SIGNAL CHAIN BASICS #62: Design your own simple I2C industrial interface isolator

Editor's note : Signal Chain Basics is an ongoing and popular series; click here for a complete, linked list of all installments.)

Times are tough and money for new product designs is hard to come by. Nevertheless, we are still required to design robust systems for harsh environments without increasing cost. Often this requires incorporating galvanic isolation that protects sensitive control electronics against nasty burst and surge transients from the outside world.

If your designs involve industrial interfaces, sweeping through the websites of semiconductor vendors can make you feel like a “kid in a candy store” when spotting all the specific signal isolators for RS-485, RS-232, CAN, and I2 C. However, your purchasing manager’s response, when asking him for approval to acquire these beauties, brings you down in an instant: “Can’t you use the standard components you already have and make them work – somehow?”

Your answer can be an enthusiastic YES as this article provides you with a small collection of industrial interface circuits almost all of which using only one standard isolator. Figures 1–4 show the simplified schematics of the most common digital interfaces in industrial applications.


Figure 1: Isolated RS-485 bus interface

(click here to enlarge).

Figure 2: Isolated CAN bus interface

(click here to enlarge).

Figure 3: Isolated RS-232 line interface

(click here to enlarge).


Figure 4: Isolated I2 C bus interface for multi-master applications

(click here to enlarge).

Note that bypass capacitors and pull-up/down resistors have been omitted for the purpose of clarity. The first three circuits have in common an asynchronous data transfer mode using two data lines and one control line for driver / receiver enable/ This requires only a triple isolator between the node controller and a standard compliant transceiver chip.

The isolated I2 C or inter-integrated circuit (IIC) interface in Figure 4 presents a special case as it supports short communication links of a few inches only, so does not require a line transceiver. In multi-master applications, two nodes might access the bus at the same time. Then in order to prevent a signal from being looped-back to its source, a bidirectional buffer is used to support receive traffic from R(x,y) to S(x,y) and in transmit from S(x,y) to T(x,y) , but not a direct loop-back from R(x,y) to T(x,y) .

Fortunately, multi-master designs are in the minority and the lion’s share lies with single-master applications. For these, we can simplify the circuit in Figure 4 significantly.

Because of the single-master the clock signal (SCL) needs to go in one direction only, which reduces the clock isolation to one channel. Then replacing the bidirectional buffer with a transistor-diode switch, each side of the isolation barrier (Figure 5 ) reduces the circuit down to our standard triple isolator (Figure 6 ).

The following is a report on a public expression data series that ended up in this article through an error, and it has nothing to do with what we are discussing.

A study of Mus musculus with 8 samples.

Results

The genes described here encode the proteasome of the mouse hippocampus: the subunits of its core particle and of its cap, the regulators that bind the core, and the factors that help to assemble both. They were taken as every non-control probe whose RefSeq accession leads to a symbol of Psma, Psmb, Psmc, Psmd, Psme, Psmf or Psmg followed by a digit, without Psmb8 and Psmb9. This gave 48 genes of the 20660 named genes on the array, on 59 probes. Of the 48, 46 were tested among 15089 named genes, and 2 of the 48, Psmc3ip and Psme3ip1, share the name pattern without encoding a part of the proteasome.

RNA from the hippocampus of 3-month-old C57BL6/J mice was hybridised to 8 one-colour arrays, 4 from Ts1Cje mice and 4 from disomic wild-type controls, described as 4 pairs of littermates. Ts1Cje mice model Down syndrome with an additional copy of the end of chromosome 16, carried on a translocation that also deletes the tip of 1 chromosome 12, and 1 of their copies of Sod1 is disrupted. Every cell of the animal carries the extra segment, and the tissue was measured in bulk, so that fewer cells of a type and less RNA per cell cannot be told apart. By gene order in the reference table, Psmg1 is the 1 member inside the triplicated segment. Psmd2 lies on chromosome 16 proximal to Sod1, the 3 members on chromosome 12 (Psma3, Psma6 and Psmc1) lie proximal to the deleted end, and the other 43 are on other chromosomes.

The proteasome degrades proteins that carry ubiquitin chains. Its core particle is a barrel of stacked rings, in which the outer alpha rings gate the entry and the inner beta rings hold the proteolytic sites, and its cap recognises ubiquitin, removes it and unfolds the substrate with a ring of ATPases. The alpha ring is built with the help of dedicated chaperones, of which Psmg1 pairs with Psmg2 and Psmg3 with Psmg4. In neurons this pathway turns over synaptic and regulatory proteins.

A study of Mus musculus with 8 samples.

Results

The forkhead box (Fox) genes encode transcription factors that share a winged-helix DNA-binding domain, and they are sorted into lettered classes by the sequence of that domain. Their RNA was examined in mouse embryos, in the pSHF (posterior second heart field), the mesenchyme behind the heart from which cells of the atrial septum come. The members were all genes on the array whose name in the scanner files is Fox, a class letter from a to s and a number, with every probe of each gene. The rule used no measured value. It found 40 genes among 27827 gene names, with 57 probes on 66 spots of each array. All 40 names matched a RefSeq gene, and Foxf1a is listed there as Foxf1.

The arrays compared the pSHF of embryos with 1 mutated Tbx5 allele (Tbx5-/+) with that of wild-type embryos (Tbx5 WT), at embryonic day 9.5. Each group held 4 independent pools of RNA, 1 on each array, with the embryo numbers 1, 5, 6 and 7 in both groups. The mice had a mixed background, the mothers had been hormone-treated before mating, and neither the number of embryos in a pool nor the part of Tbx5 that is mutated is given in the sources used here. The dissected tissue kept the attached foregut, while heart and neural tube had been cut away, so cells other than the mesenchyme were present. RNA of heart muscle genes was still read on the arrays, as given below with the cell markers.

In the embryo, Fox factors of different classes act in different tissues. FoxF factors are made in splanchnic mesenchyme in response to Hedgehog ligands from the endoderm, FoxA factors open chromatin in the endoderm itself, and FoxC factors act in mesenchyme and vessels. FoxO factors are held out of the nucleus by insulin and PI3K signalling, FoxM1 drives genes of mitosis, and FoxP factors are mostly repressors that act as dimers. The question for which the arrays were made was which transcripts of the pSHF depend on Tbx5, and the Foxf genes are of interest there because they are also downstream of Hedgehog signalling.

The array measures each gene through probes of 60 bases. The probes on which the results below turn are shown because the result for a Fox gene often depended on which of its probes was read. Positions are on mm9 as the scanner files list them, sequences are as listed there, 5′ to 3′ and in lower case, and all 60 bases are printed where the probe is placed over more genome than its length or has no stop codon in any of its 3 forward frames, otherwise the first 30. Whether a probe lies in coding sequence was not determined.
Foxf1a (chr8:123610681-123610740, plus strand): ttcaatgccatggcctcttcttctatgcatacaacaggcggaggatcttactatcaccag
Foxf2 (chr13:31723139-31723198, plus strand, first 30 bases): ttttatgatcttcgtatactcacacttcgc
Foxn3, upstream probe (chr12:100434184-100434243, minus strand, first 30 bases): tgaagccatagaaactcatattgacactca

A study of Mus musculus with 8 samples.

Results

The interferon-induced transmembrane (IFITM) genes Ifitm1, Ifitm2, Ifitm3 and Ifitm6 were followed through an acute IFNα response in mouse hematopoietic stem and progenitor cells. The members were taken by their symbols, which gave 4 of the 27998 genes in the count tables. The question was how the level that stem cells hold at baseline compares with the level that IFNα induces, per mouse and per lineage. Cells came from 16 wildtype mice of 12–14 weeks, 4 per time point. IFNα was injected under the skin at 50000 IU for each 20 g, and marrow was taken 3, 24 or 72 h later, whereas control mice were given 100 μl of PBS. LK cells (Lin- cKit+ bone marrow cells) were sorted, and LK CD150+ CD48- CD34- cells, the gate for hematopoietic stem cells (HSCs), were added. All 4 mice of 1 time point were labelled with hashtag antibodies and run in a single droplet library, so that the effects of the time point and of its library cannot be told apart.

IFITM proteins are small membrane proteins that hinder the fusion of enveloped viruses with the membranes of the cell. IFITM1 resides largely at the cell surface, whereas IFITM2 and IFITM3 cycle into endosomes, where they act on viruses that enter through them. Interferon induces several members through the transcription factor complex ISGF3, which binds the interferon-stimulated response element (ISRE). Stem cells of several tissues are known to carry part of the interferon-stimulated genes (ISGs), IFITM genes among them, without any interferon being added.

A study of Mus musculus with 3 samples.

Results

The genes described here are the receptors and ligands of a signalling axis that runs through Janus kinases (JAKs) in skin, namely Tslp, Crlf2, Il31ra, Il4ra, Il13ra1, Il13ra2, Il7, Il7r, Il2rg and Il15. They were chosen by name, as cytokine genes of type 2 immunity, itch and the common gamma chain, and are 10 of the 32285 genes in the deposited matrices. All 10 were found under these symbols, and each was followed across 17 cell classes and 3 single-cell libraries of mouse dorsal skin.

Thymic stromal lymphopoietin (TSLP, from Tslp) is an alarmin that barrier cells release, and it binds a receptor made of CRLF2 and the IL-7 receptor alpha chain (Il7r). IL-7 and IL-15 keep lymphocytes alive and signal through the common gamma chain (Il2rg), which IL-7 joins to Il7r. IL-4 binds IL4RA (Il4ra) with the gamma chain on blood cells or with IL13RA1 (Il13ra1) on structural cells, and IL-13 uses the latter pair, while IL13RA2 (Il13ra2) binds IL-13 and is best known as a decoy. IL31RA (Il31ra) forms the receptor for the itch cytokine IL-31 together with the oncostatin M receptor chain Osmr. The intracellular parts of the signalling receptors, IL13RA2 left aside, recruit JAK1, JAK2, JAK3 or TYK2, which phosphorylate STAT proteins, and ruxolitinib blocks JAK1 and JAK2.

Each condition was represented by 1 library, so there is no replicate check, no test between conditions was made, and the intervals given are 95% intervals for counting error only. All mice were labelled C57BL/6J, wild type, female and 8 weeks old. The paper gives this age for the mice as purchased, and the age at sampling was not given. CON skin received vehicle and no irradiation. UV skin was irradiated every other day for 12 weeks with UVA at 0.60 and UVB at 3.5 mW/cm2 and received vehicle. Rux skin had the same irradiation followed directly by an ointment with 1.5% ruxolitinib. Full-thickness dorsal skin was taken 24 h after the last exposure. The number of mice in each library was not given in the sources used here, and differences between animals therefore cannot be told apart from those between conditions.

Figure 5: Separating transmit and receive path

with transistor switches

(click here to enlarge).

In idle mode, the isolator inputs A and C are pulled high via R2 and R4 , which drives the outputs B and D high. Also, the master and slave data lines (SDA1 and SDA2) are pulled high via RPU1 and RPU2 . When the master initiates communication by pulling SDA1 low, the base-emitter junction of Q1 is forward biased and Q1 conducts pulling input A low.

Output B follows low and forward biases D2. D2 conducts and pulls SDA2 low. At the same time the base-emitter junction of Q2 is reverse-biased and Q2 remains high-impedance. The same switching sequence applies, only in opposite direction when the slave responds.

Figure 6: Isolated I2 C bus interface for single-master applications

(click here to enlarge).

Figure 6 shows the final circuit. Use at least 0.1µ F capacitors to buffer the chip supplies. Always connect enable input to the respective supply rails via 1k? to 10k? resistors. These resistors limit currents into the chip due to surge transients that might infiltrate the supply lines. Follow good analog-design practice by applying filter capacitors (here, 220 pF) to sensitive CMOS inputs noise free.

No isolation design is complete without the necessary isolated power supply . Figure 7 provides a low-cost, isolated DC/DC converter design that replaces expensive, integrated DC/DC modules. Both, primary and secondary supply can vary between 3.3V and 5V; and Table 1 lists the appropriate components for the three possible supply combinations.


Figure 7: Isolated DC/DC converter

(click here to enlarge).

Please join us next month when we will cover how to design a low -power, high-accuracy PID temperature-control loop using SPICE.

About the author

Thomas Kugelstadt is Applications Manager at Texas Instruments where he is responsible for defining new, high-performance analog products and developing complete system solutions that detect and condition low-level analog signals in industrial systems. During his 22 years with TI, he has been assigned to various international application positions in Europe, Asia and the U.S.